Liberal women’s religious orders aren’t worse off. Or are they?
By Phil Lawler | August 08, 2012
Claims that liberal women’s religious orders are dying out “are not based in fact,” according to an analysis by two women religious in America magazine. Yet the article cites statistics that actually buttress the conservative claim.
Sisters Mary Johnson and Patricia Wittberg observe that the women’s religious orders affiliated with the Leadership Conference of Women Religious (LCWR) reported 507 candidates, novices, and sisters in temporary vows, while the generally more conservative orders affiliated with the Council of Major Superiors of Women Religious (CMSWR) reported only a slightly larger number: 535.
However, the LCWR orders account for a much higher number of the women religious in the US today. Among the religious communities from which the statistics were drawn for the America analysis, the LCWR orders outnumbered the CMSWR orders by nearly 5 to 1. Yet the much smaller group reported the larger number of women religious in formation. Thus the statistics appear to confirm the claim that the authors set out to disprove.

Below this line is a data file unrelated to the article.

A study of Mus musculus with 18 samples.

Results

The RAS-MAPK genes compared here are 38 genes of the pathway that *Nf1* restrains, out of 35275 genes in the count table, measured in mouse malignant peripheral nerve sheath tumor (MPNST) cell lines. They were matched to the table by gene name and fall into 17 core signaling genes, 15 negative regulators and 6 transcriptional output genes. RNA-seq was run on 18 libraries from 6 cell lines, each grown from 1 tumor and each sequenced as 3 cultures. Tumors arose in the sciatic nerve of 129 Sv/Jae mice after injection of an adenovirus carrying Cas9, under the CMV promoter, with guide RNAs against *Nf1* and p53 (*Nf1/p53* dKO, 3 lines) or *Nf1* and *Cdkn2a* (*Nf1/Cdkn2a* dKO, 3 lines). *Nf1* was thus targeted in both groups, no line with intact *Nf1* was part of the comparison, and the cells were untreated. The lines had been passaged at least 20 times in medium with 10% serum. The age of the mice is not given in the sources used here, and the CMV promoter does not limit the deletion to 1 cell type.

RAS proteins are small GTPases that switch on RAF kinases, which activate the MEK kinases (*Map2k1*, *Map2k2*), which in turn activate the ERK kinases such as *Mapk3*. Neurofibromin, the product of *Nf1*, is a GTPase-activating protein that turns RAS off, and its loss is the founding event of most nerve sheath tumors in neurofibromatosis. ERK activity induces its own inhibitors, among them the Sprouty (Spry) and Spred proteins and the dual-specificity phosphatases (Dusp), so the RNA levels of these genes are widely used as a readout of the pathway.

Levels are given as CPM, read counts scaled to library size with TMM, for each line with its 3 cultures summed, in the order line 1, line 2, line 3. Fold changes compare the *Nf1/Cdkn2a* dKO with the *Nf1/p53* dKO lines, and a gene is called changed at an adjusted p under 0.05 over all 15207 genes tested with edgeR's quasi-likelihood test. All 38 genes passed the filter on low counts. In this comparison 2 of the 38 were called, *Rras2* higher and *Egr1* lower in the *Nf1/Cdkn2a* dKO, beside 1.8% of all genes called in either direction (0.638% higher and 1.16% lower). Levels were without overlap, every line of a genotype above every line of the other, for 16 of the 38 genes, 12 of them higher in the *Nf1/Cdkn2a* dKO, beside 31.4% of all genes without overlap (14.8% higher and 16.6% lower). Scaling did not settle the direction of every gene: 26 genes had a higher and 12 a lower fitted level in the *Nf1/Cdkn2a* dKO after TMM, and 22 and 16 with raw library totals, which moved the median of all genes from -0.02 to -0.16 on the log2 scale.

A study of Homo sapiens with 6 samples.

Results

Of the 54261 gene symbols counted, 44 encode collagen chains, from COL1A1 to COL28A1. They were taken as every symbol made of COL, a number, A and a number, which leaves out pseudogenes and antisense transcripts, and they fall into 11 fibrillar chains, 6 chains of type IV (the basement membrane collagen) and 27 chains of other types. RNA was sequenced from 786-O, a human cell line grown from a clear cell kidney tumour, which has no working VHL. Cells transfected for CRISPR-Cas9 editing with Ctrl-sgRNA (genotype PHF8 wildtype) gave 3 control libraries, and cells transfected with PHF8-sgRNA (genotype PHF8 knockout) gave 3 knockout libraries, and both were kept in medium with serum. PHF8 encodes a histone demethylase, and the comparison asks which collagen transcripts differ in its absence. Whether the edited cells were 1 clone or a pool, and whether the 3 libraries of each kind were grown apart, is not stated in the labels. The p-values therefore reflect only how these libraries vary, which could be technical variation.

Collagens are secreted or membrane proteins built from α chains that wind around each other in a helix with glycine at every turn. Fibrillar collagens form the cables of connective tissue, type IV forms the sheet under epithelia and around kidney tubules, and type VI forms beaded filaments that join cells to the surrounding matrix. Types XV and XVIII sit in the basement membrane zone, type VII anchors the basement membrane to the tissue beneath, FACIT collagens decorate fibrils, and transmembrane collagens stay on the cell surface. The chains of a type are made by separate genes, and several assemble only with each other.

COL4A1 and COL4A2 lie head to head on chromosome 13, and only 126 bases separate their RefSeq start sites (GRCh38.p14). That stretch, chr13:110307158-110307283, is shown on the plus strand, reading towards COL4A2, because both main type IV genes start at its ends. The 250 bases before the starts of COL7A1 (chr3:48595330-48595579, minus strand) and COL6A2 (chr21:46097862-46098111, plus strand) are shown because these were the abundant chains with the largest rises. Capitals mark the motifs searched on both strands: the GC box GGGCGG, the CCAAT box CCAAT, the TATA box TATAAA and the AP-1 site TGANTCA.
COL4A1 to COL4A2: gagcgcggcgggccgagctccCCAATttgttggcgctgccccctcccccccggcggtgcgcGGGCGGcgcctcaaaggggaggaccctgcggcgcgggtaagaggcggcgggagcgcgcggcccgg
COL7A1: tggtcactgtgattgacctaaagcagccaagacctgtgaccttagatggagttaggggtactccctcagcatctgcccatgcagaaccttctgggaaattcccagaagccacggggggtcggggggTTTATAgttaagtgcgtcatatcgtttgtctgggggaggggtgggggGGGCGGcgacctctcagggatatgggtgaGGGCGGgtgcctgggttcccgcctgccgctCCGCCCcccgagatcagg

The America authors also include this curious paragraph:
The median number of entrants to L.C.W.R. institutes is one, which means that half of the responding L.C.W.R. institutes had no more than one woman in initial formation in 2009. The corresponding median number of entrants for C.M.S.W.R. institutes is four, which means that half of C.M.S.W.R. institutes had four or fewer in initial formation in 2009.
The data do indeed show that some CMSWR communities are failing to attract many new candidates. Still, there are attracting four times as many candidates as the LCWR orders. So if some CMSWR orders are in trouble, some the LCWR groups are probably beyond all help.